This is a great time to celebrate the legacy of Native American traditions and gifts to our present culture and country.

The United Methodist Women, in their reading program, have suggested a valuable resource: A Native American Thought of It: Amazing Inventions & Innovations by Rocky Landon. It is a stimulating book naming many ideas and ways of life Native Americans experienced long before Europeans arrived on this continent more than 500 years ago.

Those of us who are European Americans tend to think of all “we” brought to this country, however, Native Americans taught us many things about:

  • Medicine and herbs still used successfully today;
  • Food production, including making maple syrup and the skills for planting large vegetable crops;
  • Fishing and hunting techniques, such as the use of camouflage and decoys; and
  • Sports, such as lacrosse, hacky sacks and snowshoeing.

These are a just a few examples of our treasured Native American heritage to be honored this month.

So why is it that stereotypes and negative attitudes about Native Americans persist?

Unfortunately, we have been taught an “American narrative,” a history that fits the European American perception of truth. Many grew up with the negative stereotype of “good” cowboys and “bad” Indians. We were taught the concept of manifest destiny to justify conquering lands. We needed to believe that Native Americans were “savage” to justify genocide and massacres.

Doctrine of Discovery

We never learned in school about the Doctrine of Discovery. A papal edict from the 15th century stated that explorers who came to “new” lands should try to Christianize native people. If that failed, the natives were to be killed or enslaved and their land taken from them.

It was this doctrine that led Columbus to slaughter and rape natives he encountered. The Doctrine of Discovery continues to be referenced in rulings by the U.S. Supreme Court. The United Methodist Church officially denounced the Doctrine of Discovery at General Conference 2012.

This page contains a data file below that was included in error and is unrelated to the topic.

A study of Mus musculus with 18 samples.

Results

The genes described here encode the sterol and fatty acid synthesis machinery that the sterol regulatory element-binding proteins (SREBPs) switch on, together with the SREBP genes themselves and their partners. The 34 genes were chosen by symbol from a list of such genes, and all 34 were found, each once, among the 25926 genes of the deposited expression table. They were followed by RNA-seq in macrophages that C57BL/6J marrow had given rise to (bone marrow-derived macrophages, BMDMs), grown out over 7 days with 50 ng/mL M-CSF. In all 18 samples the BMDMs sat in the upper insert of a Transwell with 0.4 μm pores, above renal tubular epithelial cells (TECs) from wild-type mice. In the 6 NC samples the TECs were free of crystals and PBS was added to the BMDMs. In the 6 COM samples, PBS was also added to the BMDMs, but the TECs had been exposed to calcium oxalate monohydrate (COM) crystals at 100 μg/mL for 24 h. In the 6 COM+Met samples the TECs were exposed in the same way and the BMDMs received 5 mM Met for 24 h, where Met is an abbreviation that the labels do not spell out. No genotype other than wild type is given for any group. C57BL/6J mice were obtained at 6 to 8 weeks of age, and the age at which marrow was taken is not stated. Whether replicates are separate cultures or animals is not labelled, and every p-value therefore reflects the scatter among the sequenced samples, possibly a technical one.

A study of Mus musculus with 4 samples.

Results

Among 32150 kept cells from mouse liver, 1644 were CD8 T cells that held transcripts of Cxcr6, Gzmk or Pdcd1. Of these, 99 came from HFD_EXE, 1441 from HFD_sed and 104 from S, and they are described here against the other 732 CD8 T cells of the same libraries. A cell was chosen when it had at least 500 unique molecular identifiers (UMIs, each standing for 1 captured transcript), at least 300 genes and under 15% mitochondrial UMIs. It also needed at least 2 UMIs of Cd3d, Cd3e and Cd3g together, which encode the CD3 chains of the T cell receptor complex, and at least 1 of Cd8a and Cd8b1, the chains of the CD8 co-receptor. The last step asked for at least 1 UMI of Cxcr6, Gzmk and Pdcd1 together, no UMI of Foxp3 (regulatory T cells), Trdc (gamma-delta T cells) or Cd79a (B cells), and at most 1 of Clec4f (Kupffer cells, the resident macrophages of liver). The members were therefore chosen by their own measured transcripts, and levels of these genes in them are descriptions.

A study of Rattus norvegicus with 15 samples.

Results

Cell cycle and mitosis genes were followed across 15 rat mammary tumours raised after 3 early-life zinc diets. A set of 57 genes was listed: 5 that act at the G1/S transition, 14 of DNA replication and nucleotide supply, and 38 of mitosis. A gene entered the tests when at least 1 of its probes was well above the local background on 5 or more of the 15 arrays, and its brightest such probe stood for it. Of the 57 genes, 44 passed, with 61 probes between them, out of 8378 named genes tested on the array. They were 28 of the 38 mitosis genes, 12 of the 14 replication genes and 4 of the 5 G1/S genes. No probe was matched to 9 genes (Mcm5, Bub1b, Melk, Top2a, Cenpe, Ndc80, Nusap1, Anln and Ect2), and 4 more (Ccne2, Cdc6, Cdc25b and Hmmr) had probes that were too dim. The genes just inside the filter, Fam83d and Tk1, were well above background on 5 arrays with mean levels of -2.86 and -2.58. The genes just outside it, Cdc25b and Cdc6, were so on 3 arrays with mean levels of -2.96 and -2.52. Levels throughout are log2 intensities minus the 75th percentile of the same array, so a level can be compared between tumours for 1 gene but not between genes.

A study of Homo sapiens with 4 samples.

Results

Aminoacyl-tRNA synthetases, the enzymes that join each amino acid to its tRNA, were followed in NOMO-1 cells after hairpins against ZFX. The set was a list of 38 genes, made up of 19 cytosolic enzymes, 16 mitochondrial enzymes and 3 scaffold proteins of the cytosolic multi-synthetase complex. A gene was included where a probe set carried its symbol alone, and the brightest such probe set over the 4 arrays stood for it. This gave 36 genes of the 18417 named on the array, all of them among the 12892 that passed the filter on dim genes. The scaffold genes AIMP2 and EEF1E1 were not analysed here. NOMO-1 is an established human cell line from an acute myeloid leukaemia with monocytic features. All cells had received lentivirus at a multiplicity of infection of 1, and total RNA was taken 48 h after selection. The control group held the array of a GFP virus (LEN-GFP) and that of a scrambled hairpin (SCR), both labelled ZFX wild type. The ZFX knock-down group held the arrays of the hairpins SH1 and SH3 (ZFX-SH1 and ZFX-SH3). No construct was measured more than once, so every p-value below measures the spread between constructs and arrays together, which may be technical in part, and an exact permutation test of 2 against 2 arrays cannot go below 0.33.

We were not taught about the Christian Boarding Schools that were instituted in the 19th and 20th centuries to remove native children from their families to be Americanized and Christianized. Children who tried to speak their native language, ask about their families, or dress traditionally, for example, were severely punished and not uncommonly killed.

Until the Indian Child Welfare Act of 1978, it was legal for European American families to take Native American children from their parents for adoption by claiming they could provide a better home.

Even today, there are places with signs “No Dogs or Indians Allowed.”

It is time for The United Methodist Church to bring justice to Native Americans and both of our cultures.

It is not the fault of Americans living today that we were taught this American narrative. But it is time to move beyond it and learn the truth about our histories and the lives of Native Americans today. Wholeness will come when we acknowledge and honor the valuable and significant contributions of Native Americans to our culture and country today.

Significant shift

How do we make that significant shift of mind and heart? The first steps are listening and learning that lead to authentic relationship building. For example, read the Wampanoag Side of the First Thanksgiving as shared by the national historic museum Plymouth Plantation (visit the Conference website to see the online version of this story and get the link). It shares a significantly different truth about that first Thanksgiving.

The journey began at a worldwide level at General Conference 2012 with the Act of Repentance & Healing of Relationships with Indigenous Persons (AOR). Now that journey continues in Upper New York, where our Native American brothers and sisters want to engage in conversations. The Upper New York Conference Committee on Native American ministries is planning District Learning Sessions for 2014.

These will be times to listen to Native Americans, dialogue about what you have heard, and learn how to use the AOR Study Guide DVD each local church received at Annual Conference. CONAM representatives, as well anyone interested in this issue of justice for God’s people, are urged to come to these sessions.

Blenda Smith is communications coordinator for The Upper New York Conference Committee on Native American ministries.

It is time for The United Methodist Church to bring justice to Native Americans…

A UMNS photo by Mike DuBose

The Rev. George Tinker preaches during an April 27 “Act of Repentance toward Healing Relationships with Indigenous Peoples” at the 2012 United Methodist General Conference in Tampa, Fla.